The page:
Leigh Matthews’ new podcast series on “Doing Good” gets off to a great start with Karen Flanagan, whose fascinating life-story is a worthwhile listen in its own right.
She does of course endorse the premise behind these podcats powerfully and with passion.
That premise is “to do good you must first learn how to do good.” Doing good is not a God-given talent, at least not for most of us. Good intentions are simply not enough. Great efforts and money are too easily squandered. Things can even go badly wrong as Leigh, Karen and I can all testify when talking about the scourge of “Orphanage Tourism” that has swept the world.
Let me therefore declare we are kindred spirits. The challenge we face is to take our messages to the rest of the population. These podcasts will help as will the recent book Leigh and Karen as contributors talk about in this conversation – “Modern Day Slavery and Orphanage Tourism”. They explain the drawbacks of "#voluntourism" more studiously than in my website.
Now this podcast is quite a long listen but please set aside the time. It is well-worth it. Karen comes out with some pearls of wisdom and some excellent tips. Two of her stories strike resonance with me.
Leigh invited me many years ago to do a guest blog for her. It was about “Care-in-the-Community” an argument against institutionalised places like orphanages. I started it with some Glasgow graffiti that Karen might say could come from the Falls Road in Belfast. ”If I am working class and I have a problem I get a social worker. If I am middle-class and I have a problem, I become a social worker”. You will hear how relevant this is beyond the wit. Karen explains why motivation must be correct for everyone to be able do good and to be wary of your own experiences. They can be impediments.
Later on in the talk, when asked about what great social problem currently afflicts society, Karen refers to today’s easy access to pornography. Literally a few hours earlier today I tweeted about this in Cambodia and the hypocrisy. People aren’t supposed to talk about sex but many download and watch pornography. Even worse is many young children are doing this. Even poor ones these days have smart-phones. Great harm can only ensue.
Karen refers to motivation a lot. Perhaps wisely she did not refer to vocation or a “sense of vocation” yet that sums up precisely what the best people in every profession have in abundance. Social workers need it more than most. A vocational commitment may not be compulsory “to do good” but it definitely helps as does great resilience as she recounts. Often the trouble with many people who want “to do good” – I have in mind “voluntourists” here – their timeframes are far too short; their expectations too high, and they and their “beneficiaries” end up disappointed or worse.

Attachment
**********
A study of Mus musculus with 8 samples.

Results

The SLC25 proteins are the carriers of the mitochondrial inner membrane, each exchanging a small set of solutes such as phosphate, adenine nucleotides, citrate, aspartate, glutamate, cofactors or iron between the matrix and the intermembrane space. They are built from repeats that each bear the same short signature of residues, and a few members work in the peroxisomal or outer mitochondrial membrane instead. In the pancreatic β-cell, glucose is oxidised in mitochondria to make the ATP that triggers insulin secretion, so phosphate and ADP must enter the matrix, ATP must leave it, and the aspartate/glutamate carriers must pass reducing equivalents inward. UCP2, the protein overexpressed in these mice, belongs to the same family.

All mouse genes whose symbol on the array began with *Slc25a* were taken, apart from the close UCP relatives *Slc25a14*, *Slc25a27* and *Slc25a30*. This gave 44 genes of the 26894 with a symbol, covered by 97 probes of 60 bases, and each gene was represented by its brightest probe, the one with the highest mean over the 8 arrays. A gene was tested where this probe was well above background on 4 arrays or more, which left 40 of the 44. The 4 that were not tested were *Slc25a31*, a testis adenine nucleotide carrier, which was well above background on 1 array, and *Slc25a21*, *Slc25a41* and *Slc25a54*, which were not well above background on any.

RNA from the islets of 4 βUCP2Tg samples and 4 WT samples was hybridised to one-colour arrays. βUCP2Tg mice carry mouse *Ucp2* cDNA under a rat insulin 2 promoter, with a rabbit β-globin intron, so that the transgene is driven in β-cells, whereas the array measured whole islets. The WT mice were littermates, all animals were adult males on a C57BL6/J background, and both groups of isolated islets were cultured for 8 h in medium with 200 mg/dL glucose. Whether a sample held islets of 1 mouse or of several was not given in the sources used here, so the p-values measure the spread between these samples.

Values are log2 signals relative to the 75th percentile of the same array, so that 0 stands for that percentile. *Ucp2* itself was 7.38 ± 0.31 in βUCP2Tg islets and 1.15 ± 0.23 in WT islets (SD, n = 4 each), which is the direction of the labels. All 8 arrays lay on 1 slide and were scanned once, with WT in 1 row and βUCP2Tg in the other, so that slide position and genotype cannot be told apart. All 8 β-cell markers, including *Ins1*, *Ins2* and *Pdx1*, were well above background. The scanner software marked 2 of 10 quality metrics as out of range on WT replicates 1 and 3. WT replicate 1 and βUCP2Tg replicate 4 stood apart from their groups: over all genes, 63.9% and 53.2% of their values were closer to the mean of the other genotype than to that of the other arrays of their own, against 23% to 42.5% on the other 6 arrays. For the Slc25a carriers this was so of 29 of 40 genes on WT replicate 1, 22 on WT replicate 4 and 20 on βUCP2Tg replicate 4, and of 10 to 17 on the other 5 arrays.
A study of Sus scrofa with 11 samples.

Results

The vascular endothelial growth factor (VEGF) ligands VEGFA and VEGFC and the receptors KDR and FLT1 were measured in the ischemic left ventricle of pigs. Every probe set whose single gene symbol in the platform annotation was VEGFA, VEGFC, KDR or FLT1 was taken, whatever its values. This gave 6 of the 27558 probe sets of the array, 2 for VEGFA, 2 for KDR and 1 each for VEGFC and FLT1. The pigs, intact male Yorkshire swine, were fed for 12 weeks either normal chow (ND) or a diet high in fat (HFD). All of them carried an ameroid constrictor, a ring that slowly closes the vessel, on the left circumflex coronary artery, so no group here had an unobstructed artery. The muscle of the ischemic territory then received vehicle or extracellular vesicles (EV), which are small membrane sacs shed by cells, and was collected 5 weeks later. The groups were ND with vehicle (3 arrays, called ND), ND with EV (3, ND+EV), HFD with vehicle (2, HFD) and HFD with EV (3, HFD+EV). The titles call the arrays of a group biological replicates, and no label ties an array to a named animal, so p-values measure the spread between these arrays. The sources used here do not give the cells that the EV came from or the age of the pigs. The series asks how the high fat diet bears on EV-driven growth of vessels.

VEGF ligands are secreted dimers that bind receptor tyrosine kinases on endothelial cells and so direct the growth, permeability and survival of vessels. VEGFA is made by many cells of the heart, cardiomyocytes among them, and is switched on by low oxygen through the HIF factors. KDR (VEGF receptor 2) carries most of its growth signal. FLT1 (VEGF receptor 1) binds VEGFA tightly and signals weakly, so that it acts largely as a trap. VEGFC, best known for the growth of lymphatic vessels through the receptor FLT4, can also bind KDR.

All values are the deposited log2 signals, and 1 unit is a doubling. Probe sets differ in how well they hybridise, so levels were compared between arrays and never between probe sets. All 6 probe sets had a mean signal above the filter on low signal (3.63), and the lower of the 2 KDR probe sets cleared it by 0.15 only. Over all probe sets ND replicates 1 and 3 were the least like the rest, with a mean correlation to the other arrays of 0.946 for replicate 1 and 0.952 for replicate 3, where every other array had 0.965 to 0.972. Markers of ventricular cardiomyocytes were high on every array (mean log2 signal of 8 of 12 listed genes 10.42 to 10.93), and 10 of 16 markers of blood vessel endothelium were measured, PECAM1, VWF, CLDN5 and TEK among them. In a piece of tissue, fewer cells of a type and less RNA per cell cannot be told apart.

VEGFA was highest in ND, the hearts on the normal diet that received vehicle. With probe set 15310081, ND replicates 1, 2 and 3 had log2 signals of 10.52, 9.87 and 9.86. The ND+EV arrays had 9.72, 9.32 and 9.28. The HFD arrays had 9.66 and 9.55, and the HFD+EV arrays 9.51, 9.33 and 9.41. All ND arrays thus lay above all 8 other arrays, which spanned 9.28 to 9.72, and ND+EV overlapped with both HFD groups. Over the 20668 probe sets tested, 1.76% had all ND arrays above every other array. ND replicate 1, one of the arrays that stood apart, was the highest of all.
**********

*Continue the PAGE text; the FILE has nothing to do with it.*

When I said that it was wise to avoid “vocation” it was because this word is used in “Residential Vocational Centres”. They have been part of the problem in Cambodia. For a long time they were regarded as the right way to deal with disabled people, herding them away from home, to undertake training in just a few pre-arranged skills. The folly of residential care did not begin with orphanages to cater for tourists wanting something else to do once they were bored with the wonders of Angkor Wat. Yet both forms of institutionalised care have been funded by official foreign aid and private donations by well-meaning folks. Australians have been among the most generous and therefore the most misguided. Let’s hope these podcasts wise them up.
Let me end this piece by one more of Karen’s pearls of wisdom. We often refer to “discipline” when talking about a job and even as guidance in personal lives. Karen implores you to “Steer in a disciplined way”. That’s a pretty good tip for “doing good” in any walk-of-life.
My personal website is: https://www.johnlowrie.uk
"Steering is a disciplined way" goes aptly with my old "Good Governance" Teaching poster.